Jake and Clara meet in first class on a flight from Boston to Denver. After quitting her teaching job and becoming a recluse, Clara has decided to kill herself and thinks the Maroon Bells in the Rockies would form the best background for her final resting place. Jake’s life is spinning out of control: his marriage is dissolving after he caused an accident that severely injured his daughter. It doesn’t help matters that he is having memory issues. A mysterious client contacts Jake to ghostwrite his memoirs… it might be a chance to help with the mounting medical bills, a chance at slight redemption.
A thin line between fate and coincidence. The flight to Denver brings out a empathic connection that neither can explain. But as they continue to speak, Jake and Clara reveal a link, a solution to their memory problems… a series of experiments that involves a network of others who are also possibly being controlled. Jake is stuck with rising debt and needs to take this job, but also feels like Clara could help provide the answers he is looking for.
Dead Girl in 2A is a book about memory, greed, and the razor’s edge between enlightenment and violent impulses. Stuck in a cycle of Déjà vu, these two characters try to piece together their histories and alternate between POVs from chapter to chapter.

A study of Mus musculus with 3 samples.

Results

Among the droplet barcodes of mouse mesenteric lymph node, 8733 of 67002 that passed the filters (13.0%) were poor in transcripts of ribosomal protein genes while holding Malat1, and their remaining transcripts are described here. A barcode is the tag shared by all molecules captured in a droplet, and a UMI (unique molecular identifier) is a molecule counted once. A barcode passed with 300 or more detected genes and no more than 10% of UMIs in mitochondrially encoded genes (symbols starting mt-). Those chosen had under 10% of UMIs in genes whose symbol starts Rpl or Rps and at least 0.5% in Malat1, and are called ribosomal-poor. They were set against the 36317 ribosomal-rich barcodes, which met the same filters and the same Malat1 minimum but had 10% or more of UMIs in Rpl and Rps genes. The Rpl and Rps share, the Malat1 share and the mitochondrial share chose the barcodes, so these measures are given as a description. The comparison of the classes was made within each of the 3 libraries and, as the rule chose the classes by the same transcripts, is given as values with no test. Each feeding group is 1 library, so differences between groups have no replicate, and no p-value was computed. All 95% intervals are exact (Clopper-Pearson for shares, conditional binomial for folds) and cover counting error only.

The plot tries to advance quickly through short chapters and reveals at the end of each character’s narration, but the repetition of same events becomes tedious. And as the backstory gets clearer, it turns into a book that’s been done before. The main characters are certainly drawn well, but the secondary players fall into those stereotypes of bad guy and henchman.
One thing I did enjoy was the author’s note at the end explaining that there is a bit of truth behind several of the threads. It would be interesting to further investigate these real-life connections.
Overall, Dead Girl in 2A is a book that doesn’t reach its potential. A decent premise is stalled by ‘memory’ issues, which seem to be so fashionable in the thriller genre these days.
2.5 out of 5 stars.
Thank you to NetGalley, SourceBooks, and the author for an advanced copy for review.